The Shoes With No (Carbon) Footprint
Energy company NRG has made a pair of sneakers from carbon emissions
There are shoes made from recycled tires, shoes made from recycled yoga mats, even shoes made from recycled trash fished out of the ocean. But the greenest shoe of all may be this new sneaker made from recycled carbon dioxide emissions.
Created by energy company NRG in conjunction with the product management firm 10xBeta, the “shoe without a footprint” looks more or less like any ordinary white sneaker. But some 75 percent of the shoe’s material is made from gaseous waste captured from power plants and turned into a polymer. Sorry, sneakerheads, these aren’t for sale—there are only five pairs, and they were created to promote the Carbon XPrize, a four-year competition NRG is sponsoring to develop the most innovative products using carbon emissions.
“Shoes serve functional purposes; they serve fashion purposes,” says Gin Kinney, vice president of NRG Business Solutions. “And shoes are relatable and produced on a massive scale. That relates to our end goal in solving for carbon emissions—reuse carbon emissions in viable, everyday products that can be scaled for larger applications.”
The XPrize competition, launched last year, involves 47 teams from seven countries around the globe. The teams will spend the next two years developing their products, and will then be winnowed down to 10 finalists. These finalists will be able to test their products in real power plants under real conditions. They’ll be judged on how much carbon dioxide they convert as well as the utility of the final product. The winners will be announced in 2020 and awarded shares of a $20 million grand prize.
Team projects range from building materials to renewable fuel to animal feed, all made from emissions.
Ever since carbon capture technologies became feasible and affordable, scientists and environmentalists have been working to figure out what to do with all that carbon dioxide. Some approaches involve turning the carbon dioxide into forms that are more easily stored, like stone, simply to keep it from going into the atmosphere. But many others are trying to give the carbon dioxide a second, useful life. Earlier this year we wrote about a Canadian company turning carbon emissions into fuel by splitting water into oxygen and hydrogen and combining the hydrogen with the carbon dioxide. Recently, Stanford researchers demonstrated that they could make plastic out of carbon dioxide mixed with plant material. There’s also been promising research on turning carbon into concrete, whose production is typically a huge producer of greenhouse gases. UCLA scientists produced the carbon concrete in a lab, and formed it into tiny cone shapes with a 3D printer. It’s only a proof-of-concept at this point, but many believe it will be scalable in the near future. Other companies and scientists are pursuing similar lines of research, including several of the teams involved in the XPrize competition.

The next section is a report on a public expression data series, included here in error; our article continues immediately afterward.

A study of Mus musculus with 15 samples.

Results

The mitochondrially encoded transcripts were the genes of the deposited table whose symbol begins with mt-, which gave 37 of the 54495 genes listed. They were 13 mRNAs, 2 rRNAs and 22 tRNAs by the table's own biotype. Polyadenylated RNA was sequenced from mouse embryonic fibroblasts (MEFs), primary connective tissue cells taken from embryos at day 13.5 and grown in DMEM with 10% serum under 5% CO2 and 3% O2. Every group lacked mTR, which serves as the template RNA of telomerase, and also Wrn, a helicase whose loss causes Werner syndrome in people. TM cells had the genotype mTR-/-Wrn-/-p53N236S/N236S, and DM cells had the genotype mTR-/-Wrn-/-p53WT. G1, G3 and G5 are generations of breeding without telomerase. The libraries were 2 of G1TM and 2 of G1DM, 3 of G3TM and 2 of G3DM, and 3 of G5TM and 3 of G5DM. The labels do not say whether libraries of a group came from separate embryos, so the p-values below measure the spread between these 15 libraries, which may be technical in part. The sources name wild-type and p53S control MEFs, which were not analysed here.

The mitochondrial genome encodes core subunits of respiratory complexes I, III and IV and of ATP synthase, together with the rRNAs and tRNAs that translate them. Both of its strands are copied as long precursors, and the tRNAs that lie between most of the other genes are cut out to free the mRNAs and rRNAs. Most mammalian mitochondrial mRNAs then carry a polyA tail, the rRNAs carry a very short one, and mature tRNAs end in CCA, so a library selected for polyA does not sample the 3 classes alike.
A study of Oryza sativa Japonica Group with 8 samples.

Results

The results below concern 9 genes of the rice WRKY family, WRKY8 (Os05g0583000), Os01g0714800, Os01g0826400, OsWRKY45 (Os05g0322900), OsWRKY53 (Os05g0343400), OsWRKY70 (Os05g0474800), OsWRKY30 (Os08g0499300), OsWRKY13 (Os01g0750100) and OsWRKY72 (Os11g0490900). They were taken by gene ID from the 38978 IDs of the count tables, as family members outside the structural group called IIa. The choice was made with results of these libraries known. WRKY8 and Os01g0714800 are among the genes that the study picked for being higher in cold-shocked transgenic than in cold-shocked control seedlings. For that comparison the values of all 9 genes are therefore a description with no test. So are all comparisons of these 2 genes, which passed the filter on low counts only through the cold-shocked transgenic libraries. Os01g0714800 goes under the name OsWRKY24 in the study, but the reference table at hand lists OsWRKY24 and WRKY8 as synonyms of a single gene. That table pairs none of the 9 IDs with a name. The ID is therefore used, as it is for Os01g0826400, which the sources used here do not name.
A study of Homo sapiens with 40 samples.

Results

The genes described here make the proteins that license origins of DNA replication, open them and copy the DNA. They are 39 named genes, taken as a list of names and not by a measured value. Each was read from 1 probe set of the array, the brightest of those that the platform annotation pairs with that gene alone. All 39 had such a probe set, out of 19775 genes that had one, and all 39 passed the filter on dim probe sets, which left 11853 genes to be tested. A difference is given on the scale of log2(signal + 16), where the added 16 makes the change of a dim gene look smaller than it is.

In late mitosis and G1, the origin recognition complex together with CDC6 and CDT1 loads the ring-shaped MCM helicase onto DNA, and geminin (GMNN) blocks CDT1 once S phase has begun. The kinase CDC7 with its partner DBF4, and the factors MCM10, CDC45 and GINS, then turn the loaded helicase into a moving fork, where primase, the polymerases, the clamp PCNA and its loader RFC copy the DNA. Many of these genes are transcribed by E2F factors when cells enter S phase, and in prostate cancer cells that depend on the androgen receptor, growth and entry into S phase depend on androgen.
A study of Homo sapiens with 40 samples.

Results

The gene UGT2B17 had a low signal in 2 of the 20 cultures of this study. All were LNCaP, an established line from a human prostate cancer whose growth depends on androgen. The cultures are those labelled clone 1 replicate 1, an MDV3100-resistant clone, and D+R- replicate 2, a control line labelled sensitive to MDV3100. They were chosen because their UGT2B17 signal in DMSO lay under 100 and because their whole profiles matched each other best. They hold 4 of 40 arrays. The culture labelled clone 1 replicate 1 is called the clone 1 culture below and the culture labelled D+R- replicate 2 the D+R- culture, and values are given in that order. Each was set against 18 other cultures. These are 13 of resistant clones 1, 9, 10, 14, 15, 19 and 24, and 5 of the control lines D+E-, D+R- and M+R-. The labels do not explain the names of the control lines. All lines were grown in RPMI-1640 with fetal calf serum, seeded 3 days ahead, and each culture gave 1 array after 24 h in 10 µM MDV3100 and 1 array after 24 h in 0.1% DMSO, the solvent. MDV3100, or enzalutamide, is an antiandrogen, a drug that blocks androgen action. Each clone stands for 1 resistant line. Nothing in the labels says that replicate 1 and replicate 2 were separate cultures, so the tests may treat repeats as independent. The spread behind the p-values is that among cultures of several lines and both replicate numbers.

Given that NRG is an energy company engaged in fossil fuel energy production, it obviously benefits from making the process cleaner, rather than seeing it replaced entirely, as some environmentalists would prefer.
“Despite the massive gains in renewable energy, the reality is that we’ll still need to use fossil fuels to generate the volume of energy that society needs,” Kinney says. “Technologies like carbon capture and carbon conversion play a vital role in helping us safely and reliably deliver energy all the while working towards emissions reduction goals. If we’re able to capture emissions and turn them into a highly usable, mass market product, that’s a great benefit to society.”